Over his 101-year life, the poet and activist created spaces for artists to thrive — but he also helped transform the sound of American poetry
Lawrence Ferlinghetti, who died last month just 30 days shy of his 102nd birthday, lived a life of fascinating contradictions. From a Dickensian childhood — his father died before he was born, and his mother was institutionalized when he was only two years old — Ferlinghetti eventually landed with wealthy foster parents who nurtured his love of literature and art. He was a World War II naval officer who went to Normandy on D-Day and Nagasaki six weeks after the atomic blast, but was forever afterwards dedicated to anti-war writing, activism, and publishing. He was a counterculture icon whose sartorial style included button-down shirts and a bowler hat; and an Ivy League-educated intellectual who wrote poetry that was intentionally populist, in the truest sense of that word: written for the many rather than the few.
But one contradiction stands above the rest. The man who cofounded City Lights bookstore and press and wrote the million-selling poetry collection Coney Island of the Mind, a seminal text in the Beat canon alongside classics like Jack Kerouac’s On the Road, did not consider himself a Beat. As he told an interviewer in the 2013 documentary Ferlinghetti, “I never was a Beat. It wasn’t until City Lights published Allen Ginsberg’s Howl in 1956 that the Beats arrived.” Ferlinghetti famously overcame obscenity charges after publishing Ginsberg’s Howl & Other Poems when the Supreme Court acknowledged the book’s “redeeming social value.” The ruling has provided context for First Amendment battles ever since — from Vladimir Nabokov to N.W.A — and attracted left-leaning writers, musicians, and young people to San Francisco in droves. Today, although Ferlinghetti is justly praised for helping the Beat Generation and hippie counterculture find a place to thrive, that legacy has overshadowed his reputation as a writer.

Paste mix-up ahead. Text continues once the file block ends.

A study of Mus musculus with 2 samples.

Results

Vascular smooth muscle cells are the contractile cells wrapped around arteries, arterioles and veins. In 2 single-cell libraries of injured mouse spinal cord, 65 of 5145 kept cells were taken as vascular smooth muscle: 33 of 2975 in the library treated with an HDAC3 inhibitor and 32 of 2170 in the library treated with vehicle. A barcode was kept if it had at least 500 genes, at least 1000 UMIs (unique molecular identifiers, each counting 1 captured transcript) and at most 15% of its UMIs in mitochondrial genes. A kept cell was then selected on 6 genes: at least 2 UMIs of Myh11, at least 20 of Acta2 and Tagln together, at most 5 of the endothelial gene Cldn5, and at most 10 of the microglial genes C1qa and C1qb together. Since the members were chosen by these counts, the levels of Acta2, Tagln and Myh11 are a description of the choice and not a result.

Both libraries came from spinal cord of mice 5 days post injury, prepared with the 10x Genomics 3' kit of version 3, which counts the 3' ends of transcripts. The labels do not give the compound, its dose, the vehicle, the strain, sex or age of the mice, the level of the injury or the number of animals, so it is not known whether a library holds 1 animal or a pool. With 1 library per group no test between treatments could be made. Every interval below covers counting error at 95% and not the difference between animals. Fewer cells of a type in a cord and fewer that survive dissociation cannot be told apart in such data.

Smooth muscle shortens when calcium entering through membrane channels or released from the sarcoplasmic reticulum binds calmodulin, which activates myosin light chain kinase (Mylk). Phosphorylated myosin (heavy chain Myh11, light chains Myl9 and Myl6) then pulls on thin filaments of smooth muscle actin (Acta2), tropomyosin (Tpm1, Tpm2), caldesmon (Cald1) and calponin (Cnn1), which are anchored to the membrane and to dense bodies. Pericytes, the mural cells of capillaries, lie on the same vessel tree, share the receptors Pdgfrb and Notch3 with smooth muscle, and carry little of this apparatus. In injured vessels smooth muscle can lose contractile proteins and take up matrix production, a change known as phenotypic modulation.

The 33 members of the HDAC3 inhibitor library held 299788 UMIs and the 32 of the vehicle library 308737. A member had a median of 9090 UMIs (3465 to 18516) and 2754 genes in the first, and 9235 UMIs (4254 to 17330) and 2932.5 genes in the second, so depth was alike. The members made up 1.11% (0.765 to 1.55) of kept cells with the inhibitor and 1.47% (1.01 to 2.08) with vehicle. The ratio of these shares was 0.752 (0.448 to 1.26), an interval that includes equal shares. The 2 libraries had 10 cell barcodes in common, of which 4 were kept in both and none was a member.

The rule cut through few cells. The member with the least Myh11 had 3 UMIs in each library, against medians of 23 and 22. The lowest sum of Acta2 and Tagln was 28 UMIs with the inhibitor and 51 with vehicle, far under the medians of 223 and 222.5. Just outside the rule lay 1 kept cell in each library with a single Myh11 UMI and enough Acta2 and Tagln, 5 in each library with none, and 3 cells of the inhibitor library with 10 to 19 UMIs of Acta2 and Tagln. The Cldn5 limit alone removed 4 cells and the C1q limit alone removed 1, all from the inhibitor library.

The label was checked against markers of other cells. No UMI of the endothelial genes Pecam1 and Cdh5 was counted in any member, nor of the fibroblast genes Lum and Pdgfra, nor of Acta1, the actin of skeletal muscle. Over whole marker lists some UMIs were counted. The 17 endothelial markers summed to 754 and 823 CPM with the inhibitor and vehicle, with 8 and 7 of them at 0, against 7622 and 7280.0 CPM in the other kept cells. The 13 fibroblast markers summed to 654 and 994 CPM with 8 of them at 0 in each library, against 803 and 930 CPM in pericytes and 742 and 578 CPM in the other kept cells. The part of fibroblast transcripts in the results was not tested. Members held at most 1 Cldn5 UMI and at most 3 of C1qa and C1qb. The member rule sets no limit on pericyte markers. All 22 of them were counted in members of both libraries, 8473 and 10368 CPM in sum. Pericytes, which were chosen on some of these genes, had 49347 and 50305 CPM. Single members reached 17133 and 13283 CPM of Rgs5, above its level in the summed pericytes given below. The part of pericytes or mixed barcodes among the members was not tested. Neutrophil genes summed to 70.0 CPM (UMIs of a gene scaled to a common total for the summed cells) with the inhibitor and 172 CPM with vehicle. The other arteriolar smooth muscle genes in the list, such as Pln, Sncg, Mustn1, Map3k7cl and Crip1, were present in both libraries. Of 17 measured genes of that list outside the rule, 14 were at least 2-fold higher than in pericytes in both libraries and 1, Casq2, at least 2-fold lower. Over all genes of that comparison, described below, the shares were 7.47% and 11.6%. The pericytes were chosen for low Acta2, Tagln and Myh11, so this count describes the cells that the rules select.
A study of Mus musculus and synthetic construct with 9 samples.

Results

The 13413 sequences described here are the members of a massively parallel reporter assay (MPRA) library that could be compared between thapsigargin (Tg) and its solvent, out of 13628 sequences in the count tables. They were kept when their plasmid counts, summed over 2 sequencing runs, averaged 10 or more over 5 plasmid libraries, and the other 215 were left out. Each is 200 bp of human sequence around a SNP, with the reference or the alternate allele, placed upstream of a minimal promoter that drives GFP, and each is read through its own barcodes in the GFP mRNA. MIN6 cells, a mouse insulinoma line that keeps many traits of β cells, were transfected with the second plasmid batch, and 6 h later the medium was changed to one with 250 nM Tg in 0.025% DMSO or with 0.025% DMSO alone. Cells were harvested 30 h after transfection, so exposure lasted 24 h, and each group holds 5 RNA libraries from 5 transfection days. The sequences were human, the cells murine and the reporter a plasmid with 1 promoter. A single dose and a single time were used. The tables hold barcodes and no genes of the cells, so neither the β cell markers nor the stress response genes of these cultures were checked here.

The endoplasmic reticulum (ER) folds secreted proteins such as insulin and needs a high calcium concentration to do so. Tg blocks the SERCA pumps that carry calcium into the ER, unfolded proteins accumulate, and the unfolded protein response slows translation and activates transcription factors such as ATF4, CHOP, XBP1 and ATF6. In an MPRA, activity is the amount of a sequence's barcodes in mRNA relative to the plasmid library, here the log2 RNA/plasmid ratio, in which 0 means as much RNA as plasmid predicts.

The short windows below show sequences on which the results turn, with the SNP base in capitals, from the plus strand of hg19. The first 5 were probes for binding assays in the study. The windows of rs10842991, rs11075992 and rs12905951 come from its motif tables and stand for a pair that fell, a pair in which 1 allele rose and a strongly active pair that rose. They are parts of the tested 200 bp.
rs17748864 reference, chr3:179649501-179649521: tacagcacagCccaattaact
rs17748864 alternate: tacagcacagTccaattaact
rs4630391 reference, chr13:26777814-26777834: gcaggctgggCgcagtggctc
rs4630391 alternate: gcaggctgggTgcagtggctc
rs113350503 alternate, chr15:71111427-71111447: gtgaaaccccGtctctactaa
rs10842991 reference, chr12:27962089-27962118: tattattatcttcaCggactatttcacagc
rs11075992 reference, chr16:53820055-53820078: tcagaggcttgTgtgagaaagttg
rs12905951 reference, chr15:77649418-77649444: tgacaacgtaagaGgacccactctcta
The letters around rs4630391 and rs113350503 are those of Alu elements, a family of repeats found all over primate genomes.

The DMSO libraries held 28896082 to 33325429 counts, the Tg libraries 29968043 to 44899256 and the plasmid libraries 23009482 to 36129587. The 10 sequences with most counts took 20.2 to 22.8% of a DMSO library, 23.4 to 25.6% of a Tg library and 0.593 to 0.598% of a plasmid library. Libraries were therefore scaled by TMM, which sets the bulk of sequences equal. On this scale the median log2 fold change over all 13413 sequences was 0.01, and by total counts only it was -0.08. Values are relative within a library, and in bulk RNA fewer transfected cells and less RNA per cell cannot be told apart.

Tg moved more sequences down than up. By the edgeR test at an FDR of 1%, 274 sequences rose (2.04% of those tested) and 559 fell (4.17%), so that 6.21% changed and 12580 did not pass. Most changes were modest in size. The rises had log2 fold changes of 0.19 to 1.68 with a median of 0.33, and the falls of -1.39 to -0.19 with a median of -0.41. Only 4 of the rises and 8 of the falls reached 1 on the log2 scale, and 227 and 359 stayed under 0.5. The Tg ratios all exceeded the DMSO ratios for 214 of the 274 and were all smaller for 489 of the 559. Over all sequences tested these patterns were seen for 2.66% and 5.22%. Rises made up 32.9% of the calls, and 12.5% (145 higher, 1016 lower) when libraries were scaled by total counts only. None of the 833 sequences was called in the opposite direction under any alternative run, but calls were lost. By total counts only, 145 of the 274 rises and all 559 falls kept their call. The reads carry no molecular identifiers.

Sixty-five years since Howl, the muscular Beat and Beat-influenced style of the young writers Ferlinghetti published — like Ginsberg, Amiri Baraka, and Diane DiPrima — remains a staple of lit classes and anthologies, while Ferlinghetti gets less credit for his gentle manifestoes (“The state of the world calls out for poetry to save it. / If you would be a poet, create works capable of answering the challenge of apocalyptic times, even if this means sounding apocalyptic,” he wrote in “Poetry as Insurgent Art [I am signaling you through the flames]”).
While Ginsberg’s long-lined, incantatory declarations spotlight the speaker and require impressive lung power, Ferlinghetti’s jazz-inspired poems read like a conversation, leaving plenty of space to breathe and reflect. They invite the listener to respond. No wonder, then, that his work is beloved by so many musicians, who considered him both an influence and a peer.
David Amram, the genre-crossing multi-instrumentalist and composer of film scores including The Manchurian Candidate and Splendor in the Grass, was a longtime friend and collaborator of Ferlinghetti’s. In 1995, Amram composed and played music to accompany Ferlinghetti’s new project, a recording of his earliest book, Pictures of the Gone World.
“Playing with Lawrence, you couldn’t go wrong,” Amram tells Rolling Stone. “In all of Lawrence’s poetry, he manages to put it in the context of telling a story, so that you feel he is speaking to you in the poem. And then of course like great music of all genres, it not only tells a story, but you see how the story is told. And when you look at his work, it seems deceptively simple, but actually, when you read it yourself, you can read it over and over, like hearing Beethoven or Charlie Parker, and you see that there’s something else there — a sense of structure and time and pace.”
Amram, a key innovator in adding instrumentation to the genre of “jazz poetry” in performances with Jack Kerouac dating back to the 1950s, described his collaboration with Ferlinghetti this way: “The good thing about Lawrence is, he was able to approach it spontaneously, and allow me to try to do my best. I think he knew I was going to try to do something that would hopefully fit into his poem and leave space — rather than having music grinding away as if you were in an elevator or supermarket, trying to have it on occasion and having it be something that would be part of the whole story.”